There is still a way to go on gasoline.
In the middle of 2023, the automotive industry seems clearly destined to follow the paths of electrification, with increasingly smaller heat engines and an increasingly important presence of electrical blocks. Although it will be the general trend, there are those who stray from this marked path, as is the case of GM, which is going to develop a new V8 engine.
The American manufacturer has taken the sector by surprise, since it promised some time ago to, from 2035, manufacture and sell only electric cars. However, more than a decade remains to reach that point, a time that has been considered more than enough to make a significant investment in the development of the new V8 profitable.
Specifically, General Motors is going to invest 900 million dollars that will be distributed as follows: 64 will be used to manufacture parts for electric vehicles in the plants that the company has in Defiance and Rochester, while the remaining 854 million will go to to the Flint, Bay City, Defiance and Rochester factories for thermal blocks.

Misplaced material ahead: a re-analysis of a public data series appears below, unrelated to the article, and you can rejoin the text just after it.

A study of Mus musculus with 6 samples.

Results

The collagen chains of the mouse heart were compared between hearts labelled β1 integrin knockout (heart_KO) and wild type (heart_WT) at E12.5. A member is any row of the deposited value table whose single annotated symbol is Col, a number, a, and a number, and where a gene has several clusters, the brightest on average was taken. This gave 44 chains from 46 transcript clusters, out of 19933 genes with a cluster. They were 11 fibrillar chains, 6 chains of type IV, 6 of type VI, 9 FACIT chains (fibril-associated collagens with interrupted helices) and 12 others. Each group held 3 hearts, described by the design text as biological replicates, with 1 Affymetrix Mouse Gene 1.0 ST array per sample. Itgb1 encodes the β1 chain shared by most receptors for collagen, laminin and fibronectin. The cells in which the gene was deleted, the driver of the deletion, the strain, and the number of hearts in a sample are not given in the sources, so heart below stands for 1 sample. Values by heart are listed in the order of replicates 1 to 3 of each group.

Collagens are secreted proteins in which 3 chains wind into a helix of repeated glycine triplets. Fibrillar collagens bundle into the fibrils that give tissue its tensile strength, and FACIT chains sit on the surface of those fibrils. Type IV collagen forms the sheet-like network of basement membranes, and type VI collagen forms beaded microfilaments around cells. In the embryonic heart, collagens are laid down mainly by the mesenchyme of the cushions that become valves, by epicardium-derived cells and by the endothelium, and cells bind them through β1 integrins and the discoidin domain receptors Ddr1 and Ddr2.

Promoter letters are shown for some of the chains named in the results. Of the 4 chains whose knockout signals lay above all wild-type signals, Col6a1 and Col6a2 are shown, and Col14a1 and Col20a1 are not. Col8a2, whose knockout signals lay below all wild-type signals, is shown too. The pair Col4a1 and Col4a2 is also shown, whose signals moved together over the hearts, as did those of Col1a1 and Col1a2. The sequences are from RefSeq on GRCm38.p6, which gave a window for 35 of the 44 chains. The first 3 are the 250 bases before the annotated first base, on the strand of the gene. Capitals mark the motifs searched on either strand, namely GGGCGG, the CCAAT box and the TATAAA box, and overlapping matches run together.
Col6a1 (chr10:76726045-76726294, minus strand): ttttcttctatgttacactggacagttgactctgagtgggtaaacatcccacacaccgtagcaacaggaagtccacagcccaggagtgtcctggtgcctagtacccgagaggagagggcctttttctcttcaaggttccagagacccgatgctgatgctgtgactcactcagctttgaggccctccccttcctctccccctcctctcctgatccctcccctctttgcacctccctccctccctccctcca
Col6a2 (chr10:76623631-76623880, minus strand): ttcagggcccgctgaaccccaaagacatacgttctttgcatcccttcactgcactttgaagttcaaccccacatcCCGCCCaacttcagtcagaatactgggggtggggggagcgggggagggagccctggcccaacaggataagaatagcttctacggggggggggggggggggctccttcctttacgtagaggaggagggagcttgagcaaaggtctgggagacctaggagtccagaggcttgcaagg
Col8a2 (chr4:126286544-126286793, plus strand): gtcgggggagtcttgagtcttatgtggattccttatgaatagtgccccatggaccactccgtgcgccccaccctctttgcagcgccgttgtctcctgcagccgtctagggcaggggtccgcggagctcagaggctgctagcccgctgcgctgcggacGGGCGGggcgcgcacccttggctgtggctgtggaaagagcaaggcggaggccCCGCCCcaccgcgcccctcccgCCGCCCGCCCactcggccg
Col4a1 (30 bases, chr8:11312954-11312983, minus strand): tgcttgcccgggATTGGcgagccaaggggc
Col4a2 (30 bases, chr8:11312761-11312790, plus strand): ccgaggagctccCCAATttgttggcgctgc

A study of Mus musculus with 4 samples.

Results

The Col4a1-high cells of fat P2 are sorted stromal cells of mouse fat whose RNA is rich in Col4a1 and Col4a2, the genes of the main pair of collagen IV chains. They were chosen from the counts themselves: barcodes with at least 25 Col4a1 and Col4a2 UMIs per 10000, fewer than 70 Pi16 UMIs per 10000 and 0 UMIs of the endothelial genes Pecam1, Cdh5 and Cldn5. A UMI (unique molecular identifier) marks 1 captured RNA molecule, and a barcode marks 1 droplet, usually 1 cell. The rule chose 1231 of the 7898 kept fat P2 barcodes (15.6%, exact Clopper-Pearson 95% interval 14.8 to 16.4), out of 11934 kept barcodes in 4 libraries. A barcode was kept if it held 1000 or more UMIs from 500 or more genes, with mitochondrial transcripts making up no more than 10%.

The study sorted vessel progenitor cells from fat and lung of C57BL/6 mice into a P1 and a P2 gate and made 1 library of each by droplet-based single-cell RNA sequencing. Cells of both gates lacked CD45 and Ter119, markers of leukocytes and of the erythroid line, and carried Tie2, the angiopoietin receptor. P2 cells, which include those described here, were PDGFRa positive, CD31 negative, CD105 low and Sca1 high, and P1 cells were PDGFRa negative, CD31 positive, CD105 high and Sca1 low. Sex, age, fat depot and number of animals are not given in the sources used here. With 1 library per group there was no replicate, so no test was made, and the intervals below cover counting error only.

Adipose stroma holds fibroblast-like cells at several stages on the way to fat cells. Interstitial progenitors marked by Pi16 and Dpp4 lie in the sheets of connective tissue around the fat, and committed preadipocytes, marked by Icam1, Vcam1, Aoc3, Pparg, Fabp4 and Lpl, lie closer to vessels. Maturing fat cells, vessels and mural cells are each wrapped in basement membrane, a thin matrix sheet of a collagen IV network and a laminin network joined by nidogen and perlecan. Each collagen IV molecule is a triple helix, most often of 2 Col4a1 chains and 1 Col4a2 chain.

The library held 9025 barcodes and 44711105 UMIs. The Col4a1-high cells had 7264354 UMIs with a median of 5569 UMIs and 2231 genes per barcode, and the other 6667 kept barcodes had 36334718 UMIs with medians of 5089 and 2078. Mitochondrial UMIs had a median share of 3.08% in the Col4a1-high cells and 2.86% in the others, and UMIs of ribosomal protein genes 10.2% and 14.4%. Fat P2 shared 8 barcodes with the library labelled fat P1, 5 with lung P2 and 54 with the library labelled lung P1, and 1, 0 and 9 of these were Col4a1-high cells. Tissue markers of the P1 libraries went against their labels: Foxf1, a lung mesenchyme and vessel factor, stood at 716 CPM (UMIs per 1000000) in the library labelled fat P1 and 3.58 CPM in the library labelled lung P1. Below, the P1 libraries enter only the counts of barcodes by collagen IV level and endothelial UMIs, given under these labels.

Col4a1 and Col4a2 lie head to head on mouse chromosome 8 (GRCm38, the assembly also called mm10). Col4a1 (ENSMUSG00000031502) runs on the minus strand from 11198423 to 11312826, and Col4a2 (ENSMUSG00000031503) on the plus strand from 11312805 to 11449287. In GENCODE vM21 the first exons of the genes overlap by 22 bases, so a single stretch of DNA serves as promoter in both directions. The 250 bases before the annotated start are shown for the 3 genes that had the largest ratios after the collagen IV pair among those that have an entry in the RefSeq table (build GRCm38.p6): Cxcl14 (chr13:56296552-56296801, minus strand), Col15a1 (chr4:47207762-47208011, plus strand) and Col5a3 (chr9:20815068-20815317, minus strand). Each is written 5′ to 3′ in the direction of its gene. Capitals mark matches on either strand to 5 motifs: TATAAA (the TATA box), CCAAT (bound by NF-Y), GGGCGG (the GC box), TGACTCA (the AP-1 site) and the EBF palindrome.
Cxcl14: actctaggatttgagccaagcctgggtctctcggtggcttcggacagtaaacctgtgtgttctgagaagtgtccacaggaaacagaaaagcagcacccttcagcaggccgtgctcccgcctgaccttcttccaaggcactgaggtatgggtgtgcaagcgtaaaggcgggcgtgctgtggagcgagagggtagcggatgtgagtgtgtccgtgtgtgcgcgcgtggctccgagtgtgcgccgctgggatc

The project will aim to develop the sixth generation of its well-known Small Block V8, a propellant that has formed an integral part of the motorization of the United States.
In terms of time it makes sense that a new installment be developed, since the current generation has been on the market since 2013; but taking into account that its design is starting from scratch, it will take some time until the new one begins to be marketed, so the period during which it will be sold (with the limit of 2035) will not be very long.
GM has not specified which models will mount it, but it has indicated that they will be mainly SUVs and pick-ups. As a note, keep in mind that the recently introduced hybrid Chevrolet Corvette has a V8 heart, so the new one could also be part of electrified powertrains.
From the company they point out that this investment will ensure that the jobs of all the plants are maintained for several years and that the investment in gasoline engines makes sense because it is what consumers continue to demand.